Monday, May 9, 2016

Sustainable Agriculture and Cacao Best Management Practices in Ecuador

by F2F volunteer Thomas "Rip" Winkel, F2F Volunteer to Ecuador. Read about Rip's previous assignment in Ecuador here

EducaFuturo certificate recipients in
cacao and soil management
Yet again I have been fortunate to have worked on another Farmer to Farmer assignment, an organization that is supported by the U.S. Agency for International Development (USAID) via the Partners of the Americas. This time, however, it was on the northwest side of Ecuador, in a town named Viche, located in the coastal province of Esmeraldas. The date for this project was February 27th through March 11th, 2016, and was in conjunction with EducaFuturo, an Ecuadorian organization directly affiliated with Partners of the Americas. The mission of EducaFuturo is to significantly reduce child labor in Ecuador (and Panama), especially among Afro-descendants, indigenous, and migrant populations. Its desire is to improve educational outcome for children and teens involved in labor, while working towards increasing family income at the same time.

The main objective of this assignment was to train EducaFuturo field technicians and participating community members in sustainable agricultural as well as cacao best management practices. This short-term project was divided into two main endeavors; the first was a series of lectures that dealt with various agricultural topics, where the second effort was to conduct hands-on workshops both in the field and in the classroom [...]. 

Workshop participant trying out grafting techniques
There were a total of six slightly informal lectures given, covering subjects such as: the evolution and cultivation of cacao (background), the objectives, purposes and proper techniques of pruning cacao, the various methods and techniques of grafting possible with cacao. Also discussed at some length were organic (homemade) pesticides including discussions of certain diseases and plagues common with cacao, of soil pH and nutrient availability, of various soil qualities (structure, and texture), and alternative cash crops with basic information about each. A number of informative hand-outs were given in support the topics being presented, and to offer as a source of information for future references. Many questions were asked by the class participants over the topics being discussed as well as other agricultural issues, like crop marketability/prices, synthetic vs. organic fertilizers, etc.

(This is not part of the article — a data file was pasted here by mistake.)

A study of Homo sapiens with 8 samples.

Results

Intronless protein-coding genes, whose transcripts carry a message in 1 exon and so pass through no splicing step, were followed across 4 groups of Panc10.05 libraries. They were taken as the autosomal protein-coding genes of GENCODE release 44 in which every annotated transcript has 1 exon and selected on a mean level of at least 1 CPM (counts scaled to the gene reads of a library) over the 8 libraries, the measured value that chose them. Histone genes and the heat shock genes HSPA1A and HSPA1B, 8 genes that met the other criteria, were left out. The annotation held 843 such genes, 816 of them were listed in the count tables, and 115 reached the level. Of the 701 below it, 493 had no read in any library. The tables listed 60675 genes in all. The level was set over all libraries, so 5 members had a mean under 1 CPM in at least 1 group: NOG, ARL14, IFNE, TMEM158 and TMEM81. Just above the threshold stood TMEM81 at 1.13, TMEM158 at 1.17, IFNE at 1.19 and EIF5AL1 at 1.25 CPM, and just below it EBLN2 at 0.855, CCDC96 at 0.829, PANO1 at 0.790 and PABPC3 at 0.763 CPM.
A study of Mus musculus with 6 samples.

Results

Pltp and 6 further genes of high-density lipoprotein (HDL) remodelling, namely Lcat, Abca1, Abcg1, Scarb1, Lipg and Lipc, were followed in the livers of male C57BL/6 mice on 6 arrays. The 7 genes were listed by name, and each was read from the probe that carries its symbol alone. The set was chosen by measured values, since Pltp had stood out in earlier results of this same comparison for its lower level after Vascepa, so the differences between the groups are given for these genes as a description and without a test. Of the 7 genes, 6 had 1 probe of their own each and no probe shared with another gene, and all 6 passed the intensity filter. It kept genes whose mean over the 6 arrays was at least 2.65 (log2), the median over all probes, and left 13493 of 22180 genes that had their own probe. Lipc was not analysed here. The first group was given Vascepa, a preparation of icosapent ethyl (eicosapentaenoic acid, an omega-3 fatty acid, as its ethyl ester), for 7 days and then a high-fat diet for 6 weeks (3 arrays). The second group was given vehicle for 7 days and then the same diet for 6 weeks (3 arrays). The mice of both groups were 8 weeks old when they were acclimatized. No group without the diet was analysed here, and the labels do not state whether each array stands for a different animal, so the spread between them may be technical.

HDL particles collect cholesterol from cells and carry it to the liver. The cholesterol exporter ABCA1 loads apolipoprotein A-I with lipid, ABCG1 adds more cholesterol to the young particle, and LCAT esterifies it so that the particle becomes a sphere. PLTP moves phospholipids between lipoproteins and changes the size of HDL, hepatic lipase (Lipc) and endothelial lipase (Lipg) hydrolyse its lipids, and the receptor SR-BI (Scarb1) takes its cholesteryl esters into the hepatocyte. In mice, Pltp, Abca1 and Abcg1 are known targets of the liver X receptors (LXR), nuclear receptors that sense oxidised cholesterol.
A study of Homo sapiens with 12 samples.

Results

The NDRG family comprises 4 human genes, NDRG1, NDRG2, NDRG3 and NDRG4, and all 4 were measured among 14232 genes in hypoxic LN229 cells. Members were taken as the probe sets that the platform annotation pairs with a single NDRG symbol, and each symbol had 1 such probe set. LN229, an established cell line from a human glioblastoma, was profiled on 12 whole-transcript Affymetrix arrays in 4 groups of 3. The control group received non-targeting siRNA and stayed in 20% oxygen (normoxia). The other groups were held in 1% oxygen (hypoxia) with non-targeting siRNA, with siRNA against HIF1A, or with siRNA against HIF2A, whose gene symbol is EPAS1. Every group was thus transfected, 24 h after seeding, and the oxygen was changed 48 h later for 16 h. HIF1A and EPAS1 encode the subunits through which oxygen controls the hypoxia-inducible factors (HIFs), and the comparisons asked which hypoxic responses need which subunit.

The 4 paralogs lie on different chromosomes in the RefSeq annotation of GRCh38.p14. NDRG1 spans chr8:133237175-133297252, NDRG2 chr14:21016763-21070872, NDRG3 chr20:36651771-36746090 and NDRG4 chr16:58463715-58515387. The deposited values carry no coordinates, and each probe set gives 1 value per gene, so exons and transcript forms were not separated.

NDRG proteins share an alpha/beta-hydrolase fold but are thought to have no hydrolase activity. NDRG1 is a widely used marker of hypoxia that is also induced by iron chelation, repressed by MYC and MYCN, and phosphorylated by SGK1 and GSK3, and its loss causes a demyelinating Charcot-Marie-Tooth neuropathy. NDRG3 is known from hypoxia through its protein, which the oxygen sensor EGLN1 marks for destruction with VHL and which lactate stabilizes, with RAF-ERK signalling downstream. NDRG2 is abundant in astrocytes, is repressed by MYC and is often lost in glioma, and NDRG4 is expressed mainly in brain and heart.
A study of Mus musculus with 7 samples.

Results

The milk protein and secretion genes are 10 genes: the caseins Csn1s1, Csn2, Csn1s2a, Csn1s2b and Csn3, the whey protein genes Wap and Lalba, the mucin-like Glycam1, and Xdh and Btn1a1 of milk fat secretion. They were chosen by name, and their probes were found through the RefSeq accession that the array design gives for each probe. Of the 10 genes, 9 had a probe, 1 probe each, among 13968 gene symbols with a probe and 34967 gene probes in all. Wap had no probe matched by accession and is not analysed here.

In addition to the lectures, there were four workshops given; three of them were in the field, and the fourth was a hands-on laboratory styled class conducted back at the school complex. The first field workshop entailed a review and a demonstration on correct methods and procedures of pruning, as well as grafting methods and techniques of cacao trees as per the lecture given on the subjects. The second field workshop consisted of each class member having to correctly prune an entire cacao tree according to the criteria given in class and on the hand-out. 

Laboratory workshop on soil analysis
The third workshop was a hands-on practicum where each participant was asked to single-out healthy scions (a bud strip or a small branch with buds) and prepare them for grafting. They were also asked to locate cacao trees that would best be benefited from the graft, and then to graft the scion onto the root stock (cacao tree) in tee-bud and side-veneer graft methods. This class also included wrapping the graft up correctly for protection. The fourth workshop was a laboratory session, where the class participants took soil samples brought in from various farms around the area, and analyzed them for pH, nitrogen, phosphorous and potassium levels, using the LaMotte Portable Soil Test Kit with which to analyze.

Overall, I feel that the time spent in Viche with the field technicians and the members of EducaFuturo was not only well spent, but was a great experience for everyone involved. There was a lot of information presented, discussed, reviewed and applied in cacao best management practices as well as issues in sustainable agriculture that these members waded through. And yet, they were patient with my Spanish blunders, helping me with pronunciations whenever needed. It was a definite pleasure to have worked with the EducaFuturo staff, and especially with those community members and field technicians in Viche-Esmeraldas, Ecuador.